The Cards of the Dead and the Shadows
(English version of “Noli Me Tangere”)
The moon was hidden in a cloudy sky while a cold wind, precursor of the approaching December, swept the dry leaves and dust about in the narrow pathway leading to the cemetery. Three shadowy forms were conversing in low tones under the arch of the gateway.
Have you spoken to Elias? asked a voice.
No, you know how reserved and circumspect he is. But he ought to be one of us. Don Crisostomo saved his life.
That’s why I joined, said the first voice.
Don Crisostomo had my wife cured in the house of a doctor in Manila. I’ll look after the convento to settle some old scores with the curate.
And we’ll take care of the barracks to show the civil-guards that our father had sons.
How many of us will there be?
Five, and five will be enough. Don Crisostomo’s servant, though, says there’ll be twenty of us.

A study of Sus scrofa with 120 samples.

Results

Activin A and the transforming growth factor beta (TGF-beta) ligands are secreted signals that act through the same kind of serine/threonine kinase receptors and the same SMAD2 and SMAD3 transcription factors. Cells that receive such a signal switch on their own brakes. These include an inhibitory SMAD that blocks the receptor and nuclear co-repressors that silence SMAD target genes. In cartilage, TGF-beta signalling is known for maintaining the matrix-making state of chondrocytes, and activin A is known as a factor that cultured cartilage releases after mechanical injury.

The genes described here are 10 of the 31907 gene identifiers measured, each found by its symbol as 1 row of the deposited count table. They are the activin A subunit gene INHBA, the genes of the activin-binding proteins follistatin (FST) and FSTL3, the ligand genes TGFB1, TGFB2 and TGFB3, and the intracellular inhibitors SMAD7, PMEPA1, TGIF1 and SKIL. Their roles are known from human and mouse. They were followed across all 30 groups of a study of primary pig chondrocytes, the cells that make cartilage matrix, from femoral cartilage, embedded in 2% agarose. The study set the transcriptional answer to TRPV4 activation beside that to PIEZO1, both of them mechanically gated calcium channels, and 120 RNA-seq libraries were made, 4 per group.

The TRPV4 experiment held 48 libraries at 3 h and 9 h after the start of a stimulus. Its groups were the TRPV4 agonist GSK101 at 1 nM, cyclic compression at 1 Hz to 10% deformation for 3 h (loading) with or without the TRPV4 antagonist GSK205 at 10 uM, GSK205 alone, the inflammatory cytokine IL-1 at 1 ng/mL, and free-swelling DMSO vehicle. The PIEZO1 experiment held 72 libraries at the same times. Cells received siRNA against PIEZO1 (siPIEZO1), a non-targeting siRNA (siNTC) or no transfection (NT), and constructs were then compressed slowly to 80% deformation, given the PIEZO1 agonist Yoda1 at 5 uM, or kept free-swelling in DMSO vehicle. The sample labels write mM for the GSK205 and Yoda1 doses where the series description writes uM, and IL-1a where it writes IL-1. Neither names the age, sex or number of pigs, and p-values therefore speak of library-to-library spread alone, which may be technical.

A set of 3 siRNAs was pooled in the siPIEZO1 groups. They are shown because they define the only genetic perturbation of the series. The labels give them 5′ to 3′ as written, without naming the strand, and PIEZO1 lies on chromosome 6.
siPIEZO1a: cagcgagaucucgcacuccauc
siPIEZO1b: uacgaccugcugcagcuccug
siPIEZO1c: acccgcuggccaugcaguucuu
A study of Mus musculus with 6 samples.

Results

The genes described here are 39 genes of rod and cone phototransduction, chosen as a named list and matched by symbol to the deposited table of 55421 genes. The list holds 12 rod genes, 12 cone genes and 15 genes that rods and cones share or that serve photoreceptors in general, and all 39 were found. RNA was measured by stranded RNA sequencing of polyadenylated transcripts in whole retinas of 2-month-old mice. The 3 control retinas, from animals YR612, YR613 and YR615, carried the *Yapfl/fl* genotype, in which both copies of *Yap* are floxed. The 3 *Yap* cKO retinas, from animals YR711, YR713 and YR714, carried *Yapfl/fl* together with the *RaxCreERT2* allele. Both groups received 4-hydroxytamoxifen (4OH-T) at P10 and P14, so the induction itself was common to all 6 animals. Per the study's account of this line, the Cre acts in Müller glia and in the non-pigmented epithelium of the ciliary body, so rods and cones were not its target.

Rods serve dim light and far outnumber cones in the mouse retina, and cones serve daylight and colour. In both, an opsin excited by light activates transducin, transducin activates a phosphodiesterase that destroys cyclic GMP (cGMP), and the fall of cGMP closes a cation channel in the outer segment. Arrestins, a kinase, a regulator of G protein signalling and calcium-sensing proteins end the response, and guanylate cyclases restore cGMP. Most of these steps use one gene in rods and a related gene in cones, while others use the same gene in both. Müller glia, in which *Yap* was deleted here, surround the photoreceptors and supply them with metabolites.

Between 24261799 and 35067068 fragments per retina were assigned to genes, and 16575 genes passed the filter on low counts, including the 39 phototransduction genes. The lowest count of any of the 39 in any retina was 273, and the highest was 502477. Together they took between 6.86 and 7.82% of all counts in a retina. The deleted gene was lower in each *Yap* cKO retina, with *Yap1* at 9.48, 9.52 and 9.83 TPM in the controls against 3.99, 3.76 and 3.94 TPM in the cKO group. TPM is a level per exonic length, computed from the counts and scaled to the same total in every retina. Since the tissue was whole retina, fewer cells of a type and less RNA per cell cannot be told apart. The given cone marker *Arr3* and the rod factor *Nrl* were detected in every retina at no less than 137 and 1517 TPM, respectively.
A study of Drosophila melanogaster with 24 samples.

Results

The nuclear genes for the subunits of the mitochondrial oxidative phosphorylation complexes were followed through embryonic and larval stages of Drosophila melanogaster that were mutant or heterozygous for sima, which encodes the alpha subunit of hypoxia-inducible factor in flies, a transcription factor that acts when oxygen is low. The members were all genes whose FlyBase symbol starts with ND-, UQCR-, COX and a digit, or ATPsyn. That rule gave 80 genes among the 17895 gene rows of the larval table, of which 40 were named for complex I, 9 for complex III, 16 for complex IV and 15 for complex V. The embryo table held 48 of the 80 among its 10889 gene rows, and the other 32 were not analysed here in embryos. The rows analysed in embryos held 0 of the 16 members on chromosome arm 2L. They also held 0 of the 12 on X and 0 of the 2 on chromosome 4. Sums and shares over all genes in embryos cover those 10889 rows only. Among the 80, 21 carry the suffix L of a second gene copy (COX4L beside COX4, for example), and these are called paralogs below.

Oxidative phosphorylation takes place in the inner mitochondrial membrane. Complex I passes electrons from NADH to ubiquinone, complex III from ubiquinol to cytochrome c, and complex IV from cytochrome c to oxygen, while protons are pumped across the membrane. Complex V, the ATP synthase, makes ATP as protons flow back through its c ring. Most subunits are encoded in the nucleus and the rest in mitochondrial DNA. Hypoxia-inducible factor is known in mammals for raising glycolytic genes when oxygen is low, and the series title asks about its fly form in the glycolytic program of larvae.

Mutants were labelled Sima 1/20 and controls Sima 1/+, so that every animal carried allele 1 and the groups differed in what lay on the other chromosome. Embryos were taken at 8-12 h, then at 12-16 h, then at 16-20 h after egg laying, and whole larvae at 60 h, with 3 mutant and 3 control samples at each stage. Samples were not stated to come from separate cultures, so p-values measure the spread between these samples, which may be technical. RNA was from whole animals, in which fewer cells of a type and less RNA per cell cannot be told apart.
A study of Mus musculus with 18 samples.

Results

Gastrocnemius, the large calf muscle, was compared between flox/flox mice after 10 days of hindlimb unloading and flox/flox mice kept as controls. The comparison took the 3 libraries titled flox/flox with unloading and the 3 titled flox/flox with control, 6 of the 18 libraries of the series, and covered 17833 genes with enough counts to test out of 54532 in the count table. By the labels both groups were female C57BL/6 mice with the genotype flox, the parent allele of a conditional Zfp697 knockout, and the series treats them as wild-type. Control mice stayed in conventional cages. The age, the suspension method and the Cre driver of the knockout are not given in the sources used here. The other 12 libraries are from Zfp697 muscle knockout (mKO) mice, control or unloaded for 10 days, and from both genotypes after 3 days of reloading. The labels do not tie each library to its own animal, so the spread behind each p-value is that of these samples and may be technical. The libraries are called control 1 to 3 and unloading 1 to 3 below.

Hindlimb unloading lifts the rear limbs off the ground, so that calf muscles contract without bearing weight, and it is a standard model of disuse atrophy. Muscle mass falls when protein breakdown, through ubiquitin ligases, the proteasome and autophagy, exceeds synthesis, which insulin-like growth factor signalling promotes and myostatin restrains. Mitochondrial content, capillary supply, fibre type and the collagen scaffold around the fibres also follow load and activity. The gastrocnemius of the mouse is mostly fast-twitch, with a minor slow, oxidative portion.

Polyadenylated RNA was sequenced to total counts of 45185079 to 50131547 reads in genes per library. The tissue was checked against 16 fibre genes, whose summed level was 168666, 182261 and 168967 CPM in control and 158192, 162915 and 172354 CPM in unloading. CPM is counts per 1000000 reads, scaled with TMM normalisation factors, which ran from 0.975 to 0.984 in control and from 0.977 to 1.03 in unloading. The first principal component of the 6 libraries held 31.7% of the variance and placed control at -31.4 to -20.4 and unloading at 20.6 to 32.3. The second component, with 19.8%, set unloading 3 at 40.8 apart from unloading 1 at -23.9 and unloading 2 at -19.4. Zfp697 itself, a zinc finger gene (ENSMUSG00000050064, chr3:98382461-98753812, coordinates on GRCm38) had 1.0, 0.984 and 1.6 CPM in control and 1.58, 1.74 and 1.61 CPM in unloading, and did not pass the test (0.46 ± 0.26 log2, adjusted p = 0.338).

What if you don’t succeed?
Hist! exclaimed one of the shadows, and all fell silent.
In the semi-obscurity a shadowy figure was seen to approach, sneaking along by the fence. From time to time it stopped as if to look back. Nor was reason for this movement lacking, since some twenty paces behind it came another figure, larger and apparently darker than the first, but so lightly did it touch the ground that it vanished as rapidly as though the earth had swallowed it every time the first shadow paused and turned.
They’re following me, muttered the first figure.
Can it be the civil-guards? Did the senior sacristan lie?
They said that they would meet here, thought the second shadow.
Some mischief must be on foot when the two brothers conceal it from me.
At length the first shadow reached the gateway of the cemetery. The three who were already there stepped forward.